Astonishing: It’s what Jo March yearns to be, pacing in her attic, spinning gruesome, spectacular tales to take the publishing world by storm. But Louisa May Alcott, the real-life author the fictional Jo grew up to become, made her name not by startling readers but by moving them with a simple story of four New England sisters and their mother making the best of things in bad times.
True to the 1869 novel, the musical Little Women at Northern Kentucky University succeeds by touching the heart rather than exciting the senses. There are moments of high drama, performed with commitment and energy by this youthful cast. There are enough cues to suggest the Civil War to the eye and many musical flourishes to please the ear
. But director Sandra Forman, her design team and this appealing student cast might have done more to capture the texture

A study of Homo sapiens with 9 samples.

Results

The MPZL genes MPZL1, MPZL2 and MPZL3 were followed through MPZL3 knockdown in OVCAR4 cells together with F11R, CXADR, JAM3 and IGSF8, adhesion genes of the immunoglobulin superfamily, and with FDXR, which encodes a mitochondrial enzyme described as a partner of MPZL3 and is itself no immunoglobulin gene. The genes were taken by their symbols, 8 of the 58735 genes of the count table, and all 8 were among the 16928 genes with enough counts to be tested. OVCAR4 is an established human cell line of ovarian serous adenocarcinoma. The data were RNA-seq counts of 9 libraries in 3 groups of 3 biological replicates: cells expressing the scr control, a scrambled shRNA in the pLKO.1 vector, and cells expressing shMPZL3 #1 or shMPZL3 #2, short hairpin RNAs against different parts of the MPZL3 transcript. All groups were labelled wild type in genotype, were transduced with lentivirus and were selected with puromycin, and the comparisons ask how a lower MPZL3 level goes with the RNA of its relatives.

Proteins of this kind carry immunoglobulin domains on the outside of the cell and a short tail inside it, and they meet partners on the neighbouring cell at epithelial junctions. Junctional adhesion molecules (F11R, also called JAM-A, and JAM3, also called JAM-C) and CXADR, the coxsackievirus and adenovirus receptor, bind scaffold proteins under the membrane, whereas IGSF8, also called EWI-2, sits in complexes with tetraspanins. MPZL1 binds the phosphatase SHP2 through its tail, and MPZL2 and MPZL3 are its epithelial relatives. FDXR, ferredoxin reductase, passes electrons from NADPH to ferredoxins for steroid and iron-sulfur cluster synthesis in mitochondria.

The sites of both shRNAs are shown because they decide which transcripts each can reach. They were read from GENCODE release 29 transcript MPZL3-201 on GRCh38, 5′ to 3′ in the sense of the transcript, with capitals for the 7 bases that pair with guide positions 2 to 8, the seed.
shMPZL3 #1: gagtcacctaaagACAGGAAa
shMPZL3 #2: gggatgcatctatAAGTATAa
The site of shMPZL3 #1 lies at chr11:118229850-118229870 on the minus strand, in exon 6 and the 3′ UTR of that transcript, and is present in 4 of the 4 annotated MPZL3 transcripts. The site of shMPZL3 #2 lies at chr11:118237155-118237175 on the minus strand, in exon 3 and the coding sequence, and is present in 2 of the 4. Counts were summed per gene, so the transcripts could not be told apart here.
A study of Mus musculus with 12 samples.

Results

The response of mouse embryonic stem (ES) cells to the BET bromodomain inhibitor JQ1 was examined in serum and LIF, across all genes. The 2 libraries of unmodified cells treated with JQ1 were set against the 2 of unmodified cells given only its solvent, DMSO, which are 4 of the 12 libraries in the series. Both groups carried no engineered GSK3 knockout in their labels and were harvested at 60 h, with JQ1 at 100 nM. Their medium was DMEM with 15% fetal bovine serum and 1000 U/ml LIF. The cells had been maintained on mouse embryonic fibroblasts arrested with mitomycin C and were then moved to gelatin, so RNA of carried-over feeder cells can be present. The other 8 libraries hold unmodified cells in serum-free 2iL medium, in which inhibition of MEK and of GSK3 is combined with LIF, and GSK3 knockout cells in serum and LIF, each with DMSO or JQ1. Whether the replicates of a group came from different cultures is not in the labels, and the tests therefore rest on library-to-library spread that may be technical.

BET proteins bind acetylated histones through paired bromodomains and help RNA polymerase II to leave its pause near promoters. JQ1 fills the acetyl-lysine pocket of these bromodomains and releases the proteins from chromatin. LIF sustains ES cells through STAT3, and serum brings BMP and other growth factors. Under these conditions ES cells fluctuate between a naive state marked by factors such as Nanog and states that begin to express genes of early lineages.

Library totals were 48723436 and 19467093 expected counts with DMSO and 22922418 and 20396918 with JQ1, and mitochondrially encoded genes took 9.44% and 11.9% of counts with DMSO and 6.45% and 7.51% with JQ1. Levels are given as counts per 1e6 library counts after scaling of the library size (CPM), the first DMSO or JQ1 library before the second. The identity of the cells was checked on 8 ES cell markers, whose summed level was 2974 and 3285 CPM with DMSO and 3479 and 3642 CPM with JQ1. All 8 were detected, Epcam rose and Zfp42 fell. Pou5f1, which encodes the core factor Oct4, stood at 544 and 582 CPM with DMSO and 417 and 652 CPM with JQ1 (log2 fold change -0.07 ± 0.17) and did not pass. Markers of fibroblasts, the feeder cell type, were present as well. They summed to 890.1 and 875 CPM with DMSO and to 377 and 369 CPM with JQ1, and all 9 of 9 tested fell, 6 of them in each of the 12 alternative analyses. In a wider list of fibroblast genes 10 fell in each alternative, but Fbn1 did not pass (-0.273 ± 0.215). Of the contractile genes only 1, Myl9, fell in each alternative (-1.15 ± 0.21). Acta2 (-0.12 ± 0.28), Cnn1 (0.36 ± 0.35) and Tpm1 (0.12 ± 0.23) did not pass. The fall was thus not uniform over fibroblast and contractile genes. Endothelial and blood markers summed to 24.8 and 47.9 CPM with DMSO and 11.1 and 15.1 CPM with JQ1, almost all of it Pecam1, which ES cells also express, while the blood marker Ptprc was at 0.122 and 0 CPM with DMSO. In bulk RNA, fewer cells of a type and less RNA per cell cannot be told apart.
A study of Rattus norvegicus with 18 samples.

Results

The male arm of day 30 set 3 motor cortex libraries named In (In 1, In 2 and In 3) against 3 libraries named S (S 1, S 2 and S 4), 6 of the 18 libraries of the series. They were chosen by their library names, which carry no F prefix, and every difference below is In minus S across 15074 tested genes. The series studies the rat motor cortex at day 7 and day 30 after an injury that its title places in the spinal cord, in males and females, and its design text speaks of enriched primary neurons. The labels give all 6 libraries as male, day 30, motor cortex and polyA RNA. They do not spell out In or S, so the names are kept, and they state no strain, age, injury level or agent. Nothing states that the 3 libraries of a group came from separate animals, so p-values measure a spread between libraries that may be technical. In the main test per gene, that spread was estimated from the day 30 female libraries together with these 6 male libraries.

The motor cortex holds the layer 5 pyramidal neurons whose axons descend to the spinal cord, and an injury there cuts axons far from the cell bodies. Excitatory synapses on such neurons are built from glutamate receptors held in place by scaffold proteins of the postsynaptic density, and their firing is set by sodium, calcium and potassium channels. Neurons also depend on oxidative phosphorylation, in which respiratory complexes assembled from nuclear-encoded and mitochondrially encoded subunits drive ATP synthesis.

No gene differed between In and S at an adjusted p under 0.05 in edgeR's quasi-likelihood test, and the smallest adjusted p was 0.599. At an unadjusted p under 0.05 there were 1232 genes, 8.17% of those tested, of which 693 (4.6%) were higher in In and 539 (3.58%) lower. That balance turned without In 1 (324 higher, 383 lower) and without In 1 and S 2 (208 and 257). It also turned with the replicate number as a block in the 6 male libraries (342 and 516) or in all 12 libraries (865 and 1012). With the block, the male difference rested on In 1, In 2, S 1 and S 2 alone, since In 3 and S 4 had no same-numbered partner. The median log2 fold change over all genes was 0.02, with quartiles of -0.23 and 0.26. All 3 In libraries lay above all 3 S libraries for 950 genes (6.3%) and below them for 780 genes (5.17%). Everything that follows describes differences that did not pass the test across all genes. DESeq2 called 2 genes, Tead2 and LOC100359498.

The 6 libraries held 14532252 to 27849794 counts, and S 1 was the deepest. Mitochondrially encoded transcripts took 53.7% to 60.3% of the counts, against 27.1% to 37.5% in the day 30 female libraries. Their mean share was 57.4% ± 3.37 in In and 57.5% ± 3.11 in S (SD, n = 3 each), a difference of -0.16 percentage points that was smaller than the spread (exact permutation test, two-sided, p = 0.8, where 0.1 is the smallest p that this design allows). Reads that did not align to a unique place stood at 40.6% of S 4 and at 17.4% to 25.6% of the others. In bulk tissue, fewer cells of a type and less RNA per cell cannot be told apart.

of Alcott’s family chronicle: the passages of the seasons and years; the subtleties of sisterly relationships; the economic and social strains on the household due to the absence of their an Army chaplain; and the many gradations of affection between Jo and her German mentor, Professor Bhaer. We see only awkwardness, and lots of it. Still, throughout this production we feel the warmth in little things: the reassurance in a mother’s hand, the charm of an unexpected friendship, the joy of playing pretend with willing confederates.
Senior Monica Tenhover makes a bold, boyish Jo, but her voice showed some fatigue by the Oct. 3 matinee, while other singers struggled with balance and intonation. As the girls’ mother, senior Brooke Rucidlo more than carries the show’s weightiest song, “Days of Plenty,” consoling Jo after the loss of her cherished sister. Courageous and, yes, astonishing in its quiet way, it’s a fitting musical climax to this heartfelt American classic.
LITTLE WOMEN, presented by Northern Kentucky University, continues through Oct. 9.